After a couple of licks, the baby calf got up, wobbled ever so slightly and then confidently turned its attention to nursing.
It could be any farm or ranch across the country on any given day, but it just so happens that this day, he had an audience.
More than 120 people were touring a Tennessee cattle farm where I was an observer of their observations. The general manager told the lead bus driver to stop as he explained, “In five or ten minutes, that baby will stand for the first time. Its mother will clean him off and instinct will send him straight back to his mama’s udder.”
As if on cue, the minutes-old baby did just that. I may have even felt the bus lean as the passengers craned to the driver’s side to get a good look and take pictures through the window. It was a magic moment. … one we often take for granted.
“It’s pretty special to get to watch and experience nature every day in your backyard,” the producer said.
It was obvious to those gathered, from Chicago to Charlotte, Nevada to New York and beyond.
He probably said it just to remind himself. As we headed to the farm’s sale facility for lunch, groups played a feedstuffs identification game, guessed how long a hay bale would feed a cow and tried to determine the age of a calf.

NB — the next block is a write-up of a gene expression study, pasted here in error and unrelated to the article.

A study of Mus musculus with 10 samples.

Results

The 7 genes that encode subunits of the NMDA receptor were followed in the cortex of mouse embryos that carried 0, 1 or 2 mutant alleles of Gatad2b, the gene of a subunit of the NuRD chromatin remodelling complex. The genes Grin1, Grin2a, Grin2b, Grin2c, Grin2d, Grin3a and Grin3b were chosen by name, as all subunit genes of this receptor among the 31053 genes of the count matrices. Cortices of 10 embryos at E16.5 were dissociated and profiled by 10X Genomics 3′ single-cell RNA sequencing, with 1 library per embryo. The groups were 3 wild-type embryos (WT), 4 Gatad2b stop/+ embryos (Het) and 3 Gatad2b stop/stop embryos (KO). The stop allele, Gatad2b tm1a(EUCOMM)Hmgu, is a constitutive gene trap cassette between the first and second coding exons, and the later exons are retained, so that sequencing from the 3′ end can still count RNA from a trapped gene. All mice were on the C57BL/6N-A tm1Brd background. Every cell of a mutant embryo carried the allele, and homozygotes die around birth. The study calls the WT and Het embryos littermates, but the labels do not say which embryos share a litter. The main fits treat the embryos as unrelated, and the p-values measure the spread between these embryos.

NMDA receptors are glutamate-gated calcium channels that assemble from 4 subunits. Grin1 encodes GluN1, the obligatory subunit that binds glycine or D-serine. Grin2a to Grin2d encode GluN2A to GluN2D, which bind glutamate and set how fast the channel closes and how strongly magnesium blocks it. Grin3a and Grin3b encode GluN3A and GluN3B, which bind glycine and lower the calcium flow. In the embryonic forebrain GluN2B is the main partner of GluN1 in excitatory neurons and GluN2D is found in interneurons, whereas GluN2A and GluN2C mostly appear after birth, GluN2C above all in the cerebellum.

But that day’s newborn was the hot topic.
“Did you see that on your bus, too?” my lunch seatmate asked.
Taking in their excitement gave me a new perspective on the miracle. Perhaps in the midst of a Rocky Mountain blizzard or Midwestern mud, tagging calves feels like a chore more often than not. Perhaps the alfalfa stand that recovers after a mid-summer hailstorm seems more like science than a surprise.
And maybe the artificial insemination breeding percentage is more a number to track and improve than a chance marvel at what the bovine female can do.
I get it. I’m as much about the science and technology and improving profit as the next person.
I love diving into the numbers and charts, figuring out how this management practice or that decision can help producers. That’s all vital to thriving in an ever-evolving business.
Take your time
Don’t quit studying, making plans and looking for innovation. But don’t miss the miracles.
Beef consumers aren’t likely to connect with your thoughts on a weaning schedule or pre-breeding vaccinations, but those things you may consider mundane?
They’re like magic to them. When you’re busy with the day-to-day stewardship of your part in this circle of life, leave room for some awe at all things bright and beautiful.
Maybe you can share that. Consider opening your farm or ranch to a consumer or beef marketer group, or invite your kid’s soccer team out for visit.
Show them the sunset from your favorite point, let them feed calves out of their hands or inhale the scent of freshly cut alfalfa.
Sometimes it just takes a little time in a pasture with fresh and wondering eyes to help us all fully appreciate the everyday.